Cannabis M&A Advisor: US Deals Coming for Canadian Companies

Cannabis Investing News

Dena Jalbert, founder and CEO of Align Business Advisory Services, talks about a new shift coming in the emergent cannabis space.

Canadian companies will “pounce” on deals in the US once they are legally allowed to, says a mergers and acquisitions (M&A) expert.

As the marijuana market continues its work of expansion and development, M&A’s have dominated conversation in the space this year.

Dena Jalbert, founder and CEO of Align Business Advisory Services a firm aiding companies on M&A activity, told the Investing News Network (INN) as the US cannabis market opens up, Canadian companies will benefit from the experience and capital gained to fully enter the space.

“[Canadian cannabis companies] just have a knowledge share that US businesses don’t have yet and they have capital,” Jalbert said.

The US market remains off limits for Canadian cannabis companies publicly traded on TMX Group-operated exchanges due to restrictions placed by the regulators.

Canadian investors have gained access to the US cannabis space through investments on the Canadian Securities Exchange (CSE), thanks to its decision to not block listings from companies pursuing interest in legal cannabis states.

“In the US, because it’s still so regulated, there’s not a lot of capital flowing and that’s a restriction,” Jalbert said.

The advisor added larger issuers from the US market will be able to perform M&A through the cash positions built up in the market.

The size of deals for CSE-listed US multi-state operators has continued to grow as the business play continues to gains popularity for US and Canadian investors.

How to measure the valuation of a merger or acquisition?

Throughout 2018, the cannabis public sector has faced criticism of how valuable, exactly, companies in the space really are.

This year Canadian licensed producers (LPs) Aurora Cannabis (NYSE:ACB,TSX:ACB) and Canopy Growth (NYSE:CGC,TSX:WEED) have used their stock for multimillion dollar acquisition deals.

In March, Aurora closed its purchase of fellow LP CanniMed Therapeutics for a combination of C$62.8 million Aurora common shares and a cash consideration of approximately C$121.5 million.

While in July, Aurora also completed a transaction denominated the “largest cannabis industry transaction” for MedReleaf.

Also in July, Canopy announced its acquisition of Hiku Brands, a retail and brand focused cannabis company.

Canopy also did a deal Jalbert expects to become the norm in the industry — an intellectual property (IP) acquisition for the assets of Colorado based cannabis research company ebbu worth C$25 million in cash and the issuance of over 6 million common shares.

“I think most of the deals that we’re going to see are going to be IP specific because there’s only so much land,” Jalbert said.

Jalbert explained valuations for cannabis ventures will start to normalize, despite remaining higher than most industries due to the growth aspect for the market.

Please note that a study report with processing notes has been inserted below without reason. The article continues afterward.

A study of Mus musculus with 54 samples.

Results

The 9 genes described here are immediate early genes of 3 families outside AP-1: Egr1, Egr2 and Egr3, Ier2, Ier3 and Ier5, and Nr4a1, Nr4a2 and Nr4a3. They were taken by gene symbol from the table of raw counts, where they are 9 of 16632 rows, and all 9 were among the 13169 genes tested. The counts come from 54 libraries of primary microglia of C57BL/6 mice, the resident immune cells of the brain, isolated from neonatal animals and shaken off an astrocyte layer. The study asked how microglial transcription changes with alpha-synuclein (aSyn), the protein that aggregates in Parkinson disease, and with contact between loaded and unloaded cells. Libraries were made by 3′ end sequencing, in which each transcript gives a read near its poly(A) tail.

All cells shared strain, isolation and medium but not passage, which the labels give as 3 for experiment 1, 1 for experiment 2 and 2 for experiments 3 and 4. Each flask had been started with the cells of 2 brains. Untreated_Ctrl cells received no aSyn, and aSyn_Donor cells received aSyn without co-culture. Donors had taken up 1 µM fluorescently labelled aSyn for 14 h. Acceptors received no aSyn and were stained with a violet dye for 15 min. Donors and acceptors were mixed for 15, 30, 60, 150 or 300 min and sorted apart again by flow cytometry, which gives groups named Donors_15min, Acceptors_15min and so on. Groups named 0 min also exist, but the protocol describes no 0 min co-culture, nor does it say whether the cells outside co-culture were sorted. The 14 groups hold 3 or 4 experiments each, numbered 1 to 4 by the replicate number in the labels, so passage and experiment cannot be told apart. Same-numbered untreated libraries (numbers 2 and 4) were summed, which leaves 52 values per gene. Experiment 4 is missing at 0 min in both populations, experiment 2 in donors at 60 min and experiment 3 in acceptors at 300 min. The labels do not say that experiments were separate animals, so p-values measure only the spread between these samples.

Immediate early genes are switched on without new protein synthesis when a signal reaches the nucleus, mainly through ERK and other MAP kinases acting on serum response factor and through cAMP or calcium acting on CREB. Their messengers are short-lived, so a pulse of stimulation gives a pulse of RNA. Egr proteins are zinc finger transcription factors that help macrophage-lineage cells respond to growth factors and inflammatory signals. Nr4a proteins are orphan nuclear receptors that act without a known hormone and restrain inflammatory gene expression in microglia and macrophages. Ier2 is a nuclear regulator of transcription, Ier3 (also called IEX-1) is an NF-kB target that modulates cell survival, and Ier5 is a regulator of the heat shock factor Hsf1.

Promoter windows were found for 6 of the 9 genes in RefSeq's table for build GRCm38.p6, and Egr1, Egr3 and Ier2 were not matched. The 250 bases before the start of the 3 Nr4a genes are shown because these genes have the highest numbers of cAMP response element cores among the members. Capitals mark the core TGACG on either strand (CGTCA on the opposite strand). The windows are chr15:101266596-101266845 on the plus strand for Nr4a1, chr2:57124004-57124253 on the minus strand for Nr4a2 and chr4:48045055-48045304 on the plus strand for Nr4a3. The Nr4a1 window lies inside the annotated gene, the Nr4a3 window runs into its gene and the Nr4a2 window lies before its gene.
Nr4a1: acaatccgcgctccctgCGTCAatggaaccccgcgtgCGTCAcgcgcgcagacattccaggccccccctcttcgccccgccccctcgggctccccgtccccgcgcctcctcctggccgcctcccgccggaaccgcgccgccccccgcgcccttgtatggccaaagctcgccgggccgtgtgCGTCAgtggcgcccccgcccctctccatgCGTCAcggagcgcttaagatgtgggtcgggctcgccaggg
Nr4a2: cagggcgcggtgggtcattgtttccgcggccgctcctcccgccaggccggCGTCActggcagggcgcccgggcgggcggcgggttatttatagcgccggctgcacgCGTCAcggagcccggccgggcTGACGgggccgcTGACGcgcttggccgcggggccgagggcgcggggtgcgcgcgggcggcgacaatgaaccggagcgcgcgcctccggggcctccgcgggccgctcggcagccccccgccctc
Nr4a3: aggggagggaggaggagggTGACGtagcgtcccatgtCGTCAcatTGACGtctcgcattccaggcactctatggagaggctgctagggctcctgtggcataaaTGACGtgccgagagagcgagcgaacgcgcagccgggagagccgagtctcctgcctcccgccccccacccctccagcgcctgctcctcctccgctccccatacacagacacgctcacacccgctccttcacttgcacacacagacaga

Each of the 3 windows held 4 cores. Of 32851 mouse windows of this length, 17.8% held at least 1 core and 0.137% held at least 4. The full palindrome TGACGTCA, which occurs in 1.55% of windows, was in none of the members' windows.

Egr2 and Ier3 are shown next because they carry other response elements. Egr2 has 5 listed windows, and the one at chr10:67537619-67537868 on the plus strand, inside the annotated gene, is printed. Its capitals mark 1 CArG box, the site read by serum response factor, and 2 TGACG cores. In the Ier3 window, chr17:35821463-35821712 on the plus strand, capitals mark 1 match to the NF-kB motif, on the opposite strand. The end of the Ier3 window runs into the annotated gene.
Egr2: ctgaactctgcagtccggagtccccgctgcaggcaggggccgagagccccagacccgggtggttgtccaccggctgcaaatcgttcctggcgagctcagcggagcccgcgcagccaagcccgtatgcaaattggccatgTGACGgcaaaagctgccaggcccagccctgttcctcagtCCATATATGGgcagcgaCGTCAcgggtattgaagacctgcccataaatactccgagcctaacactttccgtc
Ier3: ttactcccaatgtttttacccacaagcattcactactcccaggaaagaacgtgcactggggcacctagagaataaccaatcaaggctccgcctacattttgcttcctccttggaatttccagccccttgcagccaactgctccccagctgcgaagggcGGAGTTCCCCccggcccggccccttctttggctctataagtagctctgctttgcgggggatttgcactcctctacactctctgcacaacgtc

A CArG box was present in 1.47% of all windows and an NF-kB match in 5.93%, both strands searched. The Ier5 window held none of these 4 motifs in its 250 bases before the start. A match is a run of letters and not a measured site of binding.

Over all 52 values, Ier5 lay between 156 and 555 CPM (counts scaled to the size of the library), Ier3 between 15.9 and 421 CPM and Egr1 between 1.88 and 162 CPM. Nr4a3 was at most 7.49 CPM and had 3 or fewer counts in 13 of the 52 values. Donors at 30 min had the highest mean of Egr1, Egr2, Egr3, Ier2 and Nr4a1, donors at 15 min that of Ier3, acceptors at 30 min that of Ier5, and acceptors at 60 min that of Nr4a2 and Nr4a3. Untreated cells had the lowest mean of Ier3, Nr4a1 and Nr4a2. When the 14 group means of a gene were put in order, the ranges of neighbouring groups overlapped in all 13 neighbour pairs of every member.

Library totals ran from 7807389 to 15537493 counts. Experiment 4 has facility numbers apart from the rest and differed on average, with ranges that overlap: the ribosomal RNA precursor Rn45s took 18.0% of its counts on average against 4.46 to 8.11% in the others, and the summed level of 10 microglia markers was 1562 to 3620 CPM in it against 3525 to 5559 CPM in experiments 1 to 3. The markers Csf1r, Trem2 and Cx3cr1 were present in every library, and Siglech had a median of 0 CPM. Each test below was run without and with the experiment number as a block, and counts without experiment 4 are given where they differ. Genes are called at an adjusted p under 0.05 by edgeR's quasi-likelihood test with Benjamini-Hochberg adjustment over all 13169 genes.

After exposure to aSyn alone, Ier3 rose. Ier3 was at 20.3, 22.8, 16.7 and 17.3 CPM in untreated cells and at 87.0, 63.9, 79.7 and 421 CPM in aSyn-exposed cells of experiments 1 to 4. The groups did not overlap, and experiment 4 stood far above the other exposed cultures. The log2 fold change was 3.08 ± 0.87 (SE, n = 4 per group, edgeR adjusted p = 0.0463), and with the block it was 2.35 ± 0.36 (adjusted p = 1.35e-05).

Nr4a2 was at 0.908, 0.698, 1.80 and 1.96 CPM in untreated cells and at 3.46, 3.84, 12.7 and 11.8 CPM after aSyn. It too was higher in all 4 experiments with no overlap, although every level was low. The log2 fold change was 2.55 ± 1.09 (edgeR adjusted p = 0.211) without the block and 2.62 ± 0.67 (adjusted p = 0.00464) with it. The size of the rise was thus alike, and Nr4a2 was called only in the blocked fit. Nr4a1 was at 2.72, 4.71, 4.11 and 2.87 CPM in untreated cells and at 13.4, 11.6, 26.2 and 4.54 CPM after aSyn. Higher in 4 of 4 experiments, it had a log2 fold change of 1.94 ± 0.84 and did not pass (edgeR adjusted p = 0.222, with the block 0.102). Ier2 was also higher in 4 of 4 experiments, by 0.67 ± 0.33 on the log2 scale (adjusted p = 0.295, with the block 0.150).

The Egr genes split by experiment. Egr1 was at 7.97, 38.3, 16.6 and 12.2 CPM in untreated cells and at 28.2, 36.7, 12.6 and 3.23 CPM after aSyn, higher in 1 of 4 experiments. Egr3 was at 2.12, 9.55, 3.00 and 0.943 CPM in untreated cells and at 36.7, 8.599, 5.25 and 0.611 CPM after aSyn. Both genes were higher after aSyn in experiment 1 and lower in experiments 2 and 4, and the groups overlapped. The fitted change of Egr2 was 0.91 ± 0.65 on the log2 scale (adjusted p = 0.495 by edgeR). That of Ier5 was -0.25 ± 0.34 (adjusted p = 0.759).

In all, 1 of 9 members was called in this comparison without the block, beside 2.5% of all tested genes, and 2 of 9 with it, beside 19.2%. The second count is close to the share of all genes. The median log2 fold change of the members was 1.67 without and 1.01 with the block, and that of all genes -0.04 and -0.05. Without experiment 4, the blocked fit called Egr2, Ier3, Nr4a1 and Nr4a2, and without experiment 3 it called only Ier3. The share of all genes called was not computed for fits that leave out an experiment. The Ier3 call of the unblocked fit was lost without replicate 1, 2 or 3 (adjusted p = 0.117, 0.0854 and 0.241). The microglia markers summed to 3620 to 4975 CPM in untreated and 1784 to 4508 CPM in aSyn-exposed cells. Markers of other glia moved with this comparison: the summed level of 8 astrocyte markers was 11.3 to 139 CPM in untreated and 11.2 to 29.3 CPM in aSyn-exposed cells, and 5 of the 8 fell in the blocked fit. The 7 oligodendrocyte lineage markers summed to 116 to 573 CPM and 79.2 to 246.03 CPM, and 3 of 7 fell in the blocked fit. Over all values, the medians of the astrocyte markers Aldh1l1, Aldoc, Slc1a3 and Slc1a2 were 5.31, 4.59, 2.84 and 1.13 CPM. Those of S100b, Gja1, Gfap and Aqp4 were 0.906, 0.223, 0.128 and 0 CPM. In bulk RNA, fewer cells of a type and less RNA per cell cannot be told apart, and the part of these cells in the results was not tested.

She explained when working with clients in doing research to reach a proper valuation for an acquisition, her firm uses information on recent achievements and its multiples, current assets, workforce and leadership in place.

Big players coming to the cannabis party

The conversation around M&A activity in the cannabis space has expanded to include the entry of potential massive corporations evaluating the growth in the industry.

Rumors have appeared about established companies such as The Coca-Cola Company (NYSE:KO), alcohol maker Diageo (NYSE:DEO) and parent company for Marlboro cigarettes Altria Group (NYSE:MO) all getting close to completing cannabis deals.

While Coca-Cola stated it has “no interest in marijuana or cannabis,” the beverage company is watching for the cannabidiol (CBD) market’s growth in order to use it as a “an ingredient in functional wellness beverages around the world.”

On Tuesday (December 4), Canadian LP Cronos Group (NASDAQ:CRON,TSX:CRON) confirmed talks are currently taking place for an investment deal of sorts with Altria.

“No agreement has been reached with respect to any such transaction and there can be no assurance such discussions will lead to an investment or other transaction involving the companies,” Cronos said.

Jalbert told INN in most acquisitions where a big established company purchases a smaller venture “what’s in it for the big company is they get to grab something new that they don’t have and they get to leverage their existing infrastructures.”

Securities Disclosure: I, Bryan Mc Govern, hold no direct investment interest in any company mentioned in this article.

Editorial Disclosure: The Investing News Network does not guarantee the accuracy or thoroughness of the information reported in the interviews it conducts. The opinions expressed in these interviews do not reflect the opinions of the Investing News Network and do not constitute investment advice. All readers are encouraged to perform their own due diligence.